Get a lift from body-weight workouts
Short on exercise time or bored with your normal workout? Try this three-move body-weight routine.
- By Matthew Solan, Executive Editor, Harvard Men's Health Watch
Regular exercise doesn't always conform to your schedule or mood. Sometimes you're crunched for time. Sometimes your typical workout feels uninspired. Sometimes you just need a quick jolt to jump-start your day.
When these moments arise, your body can lend a hand.
"Body-weight exercises are not only versatile — as you can do them anytime, anywhere, without any equipment — but they help improve everyday movements," says Shawn Pedicini, a physical therapist specializing in sports and orthopedic injuries with Harvard-affiliated Spaulding Rehabilitation Network.
One of the main advantages of body-weight movements is that they activate the smaller stabilizing muscles that sometimes get missed when you use gym machines or dumbbells. As their name implies, stabilizer muscles help to stabilize larger muscles so they can more effectively do their job.
"This comes in handy for daily activities that require balance and stability, like climbing stairs, squatting, twisting, and reaching," says Pedicini.
It only takes a few body-weight exercises for an all-around workout. The following is a simple three-move routine that hits the major muscles. It consists of push-ups (arms, shoulders, chest), lunges (buttocks, legs), and a plank pose (core).
To complete one circuit, do eight push-ups, eight lunges on each side, and a plank pose for 15 to 30 seconds. Rest for a minute and then repeat the circuit two more times, with a rest period in between. The entire routine takes about 15 minutes to complete.
Begin in a full plank position with your arms extended, palms flat and just below shoulder level, feet together or about 12 inches apart. Keep your back straight and your weight evenly distributed.
Movement: Look down and lower your body until your elbows are at 90° (or go to the floor to rest, if needed), and then push back up to complete one rep.
- Keep your head in line with your spine.
- Hold your core tight.
- Don't bend at the hips.
Make it easier: Do a modified version from a hands-and-knees position. Another option is inclined push-ups, in which you place your hands on a counter or wall at a 45° angle, which puts less strain on the wrists and shoulders.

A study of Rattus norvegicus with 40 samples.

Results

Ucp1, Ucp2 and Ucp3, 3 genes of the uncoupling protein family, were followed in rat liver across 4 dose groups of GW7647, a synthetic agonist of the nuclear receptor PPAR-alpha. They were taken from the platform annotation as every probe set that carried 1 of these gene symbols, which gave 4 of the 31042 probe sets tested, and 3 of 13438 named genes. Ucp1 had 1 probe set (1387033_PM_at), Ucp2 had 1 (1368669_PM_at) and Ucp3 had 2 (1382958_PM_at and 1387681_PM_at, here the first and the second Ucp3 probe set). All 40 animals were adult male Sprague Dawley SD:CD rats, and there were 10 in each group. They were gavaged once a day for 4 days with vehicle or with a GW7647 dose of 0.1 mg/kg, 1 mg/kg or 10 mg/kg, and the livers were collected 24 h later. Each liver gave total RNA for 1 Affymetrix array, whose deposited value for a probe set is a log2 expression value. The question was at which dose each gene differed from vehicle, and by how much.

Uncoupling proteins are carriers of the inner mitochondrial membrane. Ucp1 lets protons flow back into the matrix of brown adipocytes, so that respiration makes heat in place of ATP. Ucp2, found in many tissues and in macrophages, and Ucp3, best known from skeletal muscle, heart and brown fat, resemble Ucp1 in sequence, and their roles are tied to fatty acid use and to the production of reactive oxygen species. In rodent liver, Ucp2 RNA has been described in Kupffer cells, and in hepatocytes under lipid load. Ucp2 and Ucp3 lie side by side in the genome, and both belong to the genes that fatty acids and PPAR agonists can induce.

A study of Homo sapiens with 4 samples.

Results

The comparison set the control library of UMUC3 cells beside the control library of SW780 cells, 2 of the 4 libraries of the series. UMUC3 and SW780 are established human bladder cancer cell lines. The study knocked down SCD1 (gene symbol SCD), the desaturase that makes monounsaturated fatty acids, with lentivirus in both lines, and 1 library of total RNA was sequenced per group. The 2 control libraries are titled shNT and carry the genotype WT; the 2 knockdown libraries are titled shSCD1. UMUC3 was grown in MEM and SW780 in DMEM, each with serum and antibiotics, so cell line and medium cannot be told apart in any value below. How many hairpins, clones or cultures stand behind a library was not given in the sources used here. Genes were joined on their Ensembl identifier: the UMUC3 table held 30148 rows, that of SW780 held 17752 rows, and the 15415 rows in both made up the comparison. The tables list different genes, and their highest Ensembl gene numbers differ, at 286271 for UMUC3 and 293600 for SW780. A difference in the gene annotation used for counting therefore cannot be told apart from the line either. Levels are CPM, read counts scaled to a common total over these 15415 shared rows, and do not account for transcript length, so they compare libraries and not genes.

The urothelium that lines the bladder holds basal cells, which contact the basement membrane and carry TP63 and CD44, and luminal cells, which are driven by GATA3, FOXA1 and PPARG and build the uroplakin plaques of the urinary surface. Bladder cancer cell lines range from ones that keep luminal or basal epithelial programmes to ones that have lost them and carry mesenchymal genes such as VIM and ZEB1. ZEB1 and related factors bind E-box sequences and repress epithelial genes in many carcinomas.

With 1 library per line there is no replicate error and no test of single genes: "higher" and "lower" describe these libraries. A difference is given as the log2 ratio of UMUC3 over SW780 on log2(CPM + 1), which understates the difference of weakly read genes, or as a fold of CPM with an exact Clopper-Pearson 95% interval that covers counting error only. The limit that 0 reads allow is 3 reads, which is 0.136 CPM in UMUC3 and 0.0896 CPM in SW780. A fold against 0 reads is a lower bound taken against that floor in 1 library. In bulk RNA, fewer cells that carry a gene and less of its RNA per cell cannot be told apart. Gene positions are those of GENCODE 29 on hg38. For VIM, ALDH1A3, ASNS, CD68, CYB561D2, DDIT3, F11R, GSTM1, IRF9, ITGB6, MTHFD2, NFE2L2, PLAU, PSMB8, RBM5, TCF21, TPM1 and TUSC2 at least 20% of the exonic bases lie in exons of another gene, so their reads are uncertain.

Make it harder: Slow your tempo and take two to three seconds to go down and one second to go up.
Stand up straight with your right foot one to two feet in front of your left foot. Shift your weight forward and lift your left heel off the floor.
Movement: Bend your knees and lower your torso until your right thigh is parallel to the floor. Keep your hands on your hips or place them on your knee for stability. Hold, then return to the starting position. Finish all eight reps, then repeat with your left foot forward. This completes one set.
- Don't extend your front knee past your ankle.
- In the lunge position, keep your shoulder, hip, and rear knee aligned.
- Don't lean forward or back.
Make it easier: Lower your torso only halfway. Hold on to the back of a chair with one hand to help yourself balance.
Make it harder: Hold for four counts in the lunge position before returning to the starting position. Or hold dumbbells in each hand as you lunge.
Kneel on all fours with your hands and knees directly aligned under your shoulders and hips.
Movement: Tighten your abdominal muscles and walk your hands forward. Lower your upper body onto your forearms. Clasp your hands and align your shoulders directly over your elbows. Raise your knees off the floor so your body forms a straight line from your head to your feet. Hold this position for 15 to 30 seconds.
- Keep your neck and spine aligned.
- Tighten your abdominal muscles so your belly doesn't sag.
- Look at the floor and not up, which can strain your neck.
Make it easier: If resting on your forearms is painful, do the plank from a starting push-up position with your arms extended. If you have back pain or other back issues, do the plank on your knees, or lean against a counter with your body at a 45° angle.
Make it harder: As you hold the plank, try alternating leg lifts, raising one leg for a second or two and then repeating with the other leg.
For more exercise examples, check out Body-Weight Exercise from Harvard Health Publishing, available at www.health.harvard.edu/bwe.
Image: © Prostock-Studio/Getty Images
About the Author
Matthew Solan, Executive Editor, Harvard Men's Health Watch
As a service to our readers, Harvard Health Publishing provides access to our library of archived content. Please note the date of last review or update on all articles.
No content on this site, regardless of date, should ever be used as a substitute for direct medical advice from your doctor or other qualified clinician.